Mission to Monterrey Daniel Rhoades '19 joined a group that traveled to Monterrey, Mexico over Washington Break to continue a STEM program for elementary school students.
“…talking about a country and its language in a classroom doesn’t compare to walking the streets of that country and hearing its language being spoken. It is incredibly special to get a glimpse of what life really looks like elsewhere in the globe and to cross a border which, especially in today’s political climate, is too often strengthened.”
~ Daniel Rhoades ’19
Hometown: Gainesville, VA
During summer 2017, Angel Vela de la Garza Evia ’18 used a Davis Projects for Peace grant to implement a program for public school students in his hometown of Monterrey, Mexico. Dubbed “STEMito,” the project included experiments and activities to introduce the children to science, technology, engineering and math. It also included some school improvement projects.
During Washington Break this year, Vela de la Garza Evia returned to Monterrey with W&L associate professor Jon Erickson and several classmates to continue the STEMito program. We asked Daniel Rhoades ’19 to describe the week’s activities and their impact on him.
How did you end up going to Monterrey?
I was in a class (PHYS 295: Applications of Physics to Social Science) with Matthew Lubas, one of the trip coordinators, in fall 2017. I heard about STEMito both from him and via e-mail. It piqued my interest because I was excited to have the opportunity to support childrens’ STEM education while practicing my Spanish language skills. I was originally not slated to attend, but the week before the trip, someone decided not to go. I was on the wait list and was offered the open slot. The rest of the group was made up of physics professor Jon Erickson, Angel Vela de la Garza Evia ’18, Matthew Lubas ’18, Ryder Babik ’19, Abigail Hinrichs ’20, Anna Soroka ’20, Anne Rodgers ’20 and Katarina Martin ’20.
What was the purpose of this latest trip down there?
The purpose was to help support Angel in continuing the STEMito project. Last summer he was awarded the Davis Projects for Peace Grant to develop STEMito, a STEM-related project for primary school students in Monterrey. In his words, “The goal of STEMito is to expose students at the primary level to a wide variety of STEM topics in a way that they have never experienced them before.” The trip involved getting to know students outside the classroom, helping with a few construction projects around the school (e.g. rebuilding and painting their garden fence and painting the front of the stage used for student performances), and preparing for, as well as conducting, STEM-related experiments with 4th, 5th, and 6th grade students in the afternoon.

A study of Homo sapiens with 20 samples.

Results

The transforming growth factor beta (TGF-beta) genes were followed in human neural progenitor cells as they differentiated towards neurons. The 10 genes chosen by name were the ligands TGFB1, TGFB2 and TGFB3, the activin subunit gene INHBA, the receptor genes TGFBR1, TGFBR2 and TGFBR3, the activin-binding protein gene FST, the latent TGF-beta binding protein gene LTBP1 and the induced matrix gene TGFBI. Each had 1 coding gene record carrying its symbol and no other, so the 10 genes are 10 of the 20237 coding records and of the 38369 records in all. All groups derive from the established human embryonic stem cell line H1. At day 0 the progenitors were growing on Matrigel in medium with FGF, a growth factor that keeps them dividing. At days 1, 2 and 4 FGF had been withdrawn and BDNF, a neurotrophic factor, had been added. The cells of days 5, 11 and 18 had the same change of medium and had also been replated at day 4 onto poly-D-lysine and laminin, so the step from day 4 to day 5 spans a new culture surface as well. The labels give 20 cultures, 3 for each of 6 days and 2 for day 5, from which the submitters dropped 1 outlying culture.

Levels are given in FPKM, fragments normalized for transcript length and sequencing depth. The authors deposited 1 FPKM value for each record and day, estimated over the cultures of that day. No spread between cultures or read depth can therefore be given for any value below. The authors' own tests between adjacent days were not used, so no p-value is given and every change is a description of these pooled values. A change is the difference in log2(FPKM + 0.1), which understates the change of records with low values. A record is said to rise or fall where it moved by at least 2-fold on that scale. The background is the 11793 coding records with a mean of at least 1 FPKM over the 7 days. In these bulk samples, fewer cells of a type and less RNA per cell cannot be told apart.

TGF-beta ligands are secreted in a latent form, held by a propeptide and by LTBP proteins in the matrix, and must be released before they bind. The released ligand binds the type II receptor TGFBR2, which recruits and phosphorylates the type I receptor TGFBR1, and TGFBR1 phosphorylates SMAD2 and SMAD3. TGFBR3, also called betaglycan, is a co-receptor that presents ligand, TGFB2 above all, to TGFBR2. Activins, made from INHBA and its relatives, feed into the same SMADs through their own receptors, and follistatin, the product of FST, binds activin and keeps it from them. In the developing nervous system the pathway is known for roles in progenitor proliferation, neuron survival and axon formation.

What specific activities were you involved in?
I was involved in each of the activities listed above (except for painting the stage). Getting to know the students involved sitting with them during lunch and their breaks between classes, asking them questions about their lives, answering their questions about mine, and playing a lot of soccer and basketball.
Regarding construction around the school, I worked mostly with repairing and repainting the school’s garden. Both the construction and experiment preparation also involved shopping for supplies around town. I worked with Professor Erickson, Anne and Ryder to conduct experiments with the 5th grade class in the afternoon. Our experiments included:
Anaerobic respiration (Experimento de la Levadura) — combining yeast and sugar in warm water in a plastic bottle and covering the top with a balloon to collect the resulting carbon dioxide
Human anatomy (Mano Articulada_ — tracing hands on foam paper, cutting up straws to act as bones, and feeding string through the straw sections attached to the foam hand in such a way that when the strings (tendons) are pulled, the foam fingers bend similarly to our own hands
The impact of soap on grease/fat (Leche Bailante) — filling a plate with whole milk, placing some drops of food coloring in the center, and dropping some soap in the middle of the food coloring. The food coloring spreads out, and you can observe the milk fleeing from the soap due to the lipids (fats) in the milk.
What was your favorite part of the trip?
My favorite aspect, hands down, was getting to know the students. Hearing their thoughts, interests and aspirations, and answering any questions they had about my life, was a beautiful example of two people from very different backgrounds getting to know each other, learning about each other’s cultures, and discovering that beneath it all, we have a lot in common.
How did the trip enrich your educational experience at W&L so far?
Washington and Lee talks about the value of global citizenship and learning about different cultures, but talking about a country and its language in a classroom doesn’t compare to walking the streets of that country and hearing its language being spoken. It is incredibly special to get a glimpse of what life really looks like elsewhere in the globe and to cross a border which, especially in today’s political climate, is too often strengthened. Rather than alienating those I don’t know, I was again encouraged to connect with people who come from different backgrounds while remembering to respect their individual identity.